Dr. Paul S. Rhodes
This unique Museum was the vision of Esther K. Armstrong, a Ghanaian-born citizen of the United States. A graduate of the University of Ghana at Legon, she has lived and worked in the Maryland area for over 30 years. Esther has always believed deeply in Marcus Garvey’s quote, “A people without the knowledge of their past history, origin and culture is like a tree without roots.” Respectfully known as “Mama Kiki,” in the cultural community, she and her husband Jim Clemmer are owners of Sankofa African & World Bazaar previously located in Charles Village. Together they have been providing the community a brilliant collection of colorful African artifacts, jewelry, accessories, traditional and contemporary clothing for over twenty years. The store is now the Sankofa Museum Gift Shop. As reports of African-American school dropouts and violent juvenile crime increased, Esther became convinced that a children’s museum focused on African history and cultures would help turn the statistics around. She realized most city youth do not see themselves connected to the great achievements of their ancestors, who are seldom included in their history books. Mama Kiki noted a correlation between young peoples’ lack of education, poor self-esteem, disinterest in education and the ensuing cycle of despair, crime, arrest and hopelessness. She formed SCMAC and assembled a Board of Directors comprised of innovative thinkers. They believe that the culturally competent education of our children will result in less crime and a desire for further education. Mama Kiki then hired the dynamic and proficient Deborah Mason as Museum Director. Mrs Mason’s mission is to design and implement meaningful programing and exhibits that will educate, engage and entertain young people.
Dr. Paul S. Rhodes
Brooklyn born (1949) Paul S. Rhodes, MD is an associate clinical professor of
medicine at the George Washington University. Through his team medical practice (House Calls of the District of Columbia), he delivers geriatric home based primary care to home-bound elders in under-served areas of the Nation’s Capital. Dr Rhodes is the co-founder and medical director of the Port Antonio, Jamaica Homeless Shelter and is the founder and designer of Great Huts Resort which celebrates the West and Central African ancestry of the Jamaican people. The interior design of his home, Madison House, in the Mount Vernon neighborhood of Baltimore, is inspired by the interconnections of African an Jewish history, art and spirituality. He is proud of his long-term friendships with Jim Clemmer and Esther Armstrong and is honored to participate in the realization of the mission of the Sankofa Children’s Museum.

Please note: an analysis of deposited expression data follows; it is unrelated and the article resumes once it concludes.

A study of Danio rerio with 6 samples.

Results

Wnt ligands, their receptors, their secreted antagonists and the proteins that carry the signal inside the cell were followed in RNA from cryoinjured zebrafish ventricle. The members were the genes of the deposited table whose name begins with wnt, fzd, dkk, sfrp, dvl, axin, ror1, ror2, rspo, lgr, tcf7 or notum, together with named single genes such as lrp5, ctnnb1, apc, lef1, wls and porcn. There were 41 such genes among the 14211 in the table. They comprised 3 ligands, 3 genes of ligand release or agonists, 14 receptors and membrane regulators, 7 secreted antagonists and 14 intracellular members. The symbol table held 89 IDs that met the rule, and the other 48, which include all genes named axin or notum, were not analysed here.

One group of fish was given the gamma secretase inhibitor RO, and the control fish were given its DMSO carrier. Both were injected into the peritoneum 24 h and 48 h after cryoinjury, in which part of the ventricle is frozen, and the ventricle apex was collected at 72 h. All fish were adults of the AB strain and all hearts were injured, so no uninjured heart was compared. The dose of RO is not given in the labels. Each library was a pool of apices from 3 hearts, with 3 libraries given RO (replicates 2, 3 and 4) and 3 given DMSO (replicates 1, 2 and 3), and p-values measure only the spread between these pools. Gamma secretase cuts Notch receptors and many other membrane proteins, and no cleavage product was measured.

Natasha holds a Bachelor of Arts degree in Economics from Vassar College in Poughkeepsie, NY. She has worked in the accounting and finance field for over 15 years. Her experience includes, corporate and intellectual property litigation support, forensic and fraud analysis, bankruptcy and restructuring work, valuation analysis and back office accounting and special projects. In addition to her financial background, Natasha also has a experience in hospitality. In 2005, she took a 3 year hiatus from Corporate America to pursue her passion for baking, by enrolling in a Pastry Arts program at L’Academie de Cuisine in Gaithersburg, MD. After successfully completing the program, she has worked in the industry as a baker and Assistant Pastry Chef. Natasha has proudly been volunteering with the Sankofa Children’s Museum of African Cultures since its inception in 2016. As a Board Member, she is excited to work to bring Africa’s history and rich culture alive for the youth (and adults) of Baltimore and beyond!
With over twenty years experience in public and independent schools in Pennsylvania and Maryland as a teacher, mentor and instructional coach, Dianna Newton brings an educator’s lens to the Sankofa Children’s Museum Board of Directors. Having joined the Board this past summer, Dianna looks forward to supporting the museum’s ongoing educational efforts, specifically around curriculum development, interdisciplinary projects and teacher outreach.
Pamela J. King
Pamela J. King is a member of the Sankofa Children’s Museum of African
Cultures board of directors and has served the organization for a little over three years. Pamela brings her years of experience in organizational development and advocacy to her role as a board member. Pamela is the founding Director of Community Fellowships at the Open Society Institute-Baltimore – a program she created and has managed for twenty-three years. In her role at the Open Society, Pamela is responsible for launching and establishing the Baltimore Urban Debate League in partnership with the Baltimore City Public School System – a twenty-two year old initiative that is modeled after the New York Urban Debate League. The program is nationally recognized as an innovative, successful and transformative program. Pamela was named Maryland’s Top 100 Women by The Daily Record in 2020 and 2008, received the 2019 William and Lanaea Featherstone Foundation Changemaker Award, was a 2018 recipient of the Baltimore Business Journal’s Leaders in Diversity Award, and she was named one of Megaphone Projects 2009 Unsung Heroes. Pamela also does some work in the area of racial equity. She is a founding member of the Maryland Philanthropy Network’s Equity, Diversity & Inclusion Committee and he serves as a member of the Aspen Institute’s Racial Equity working group for Baltimore.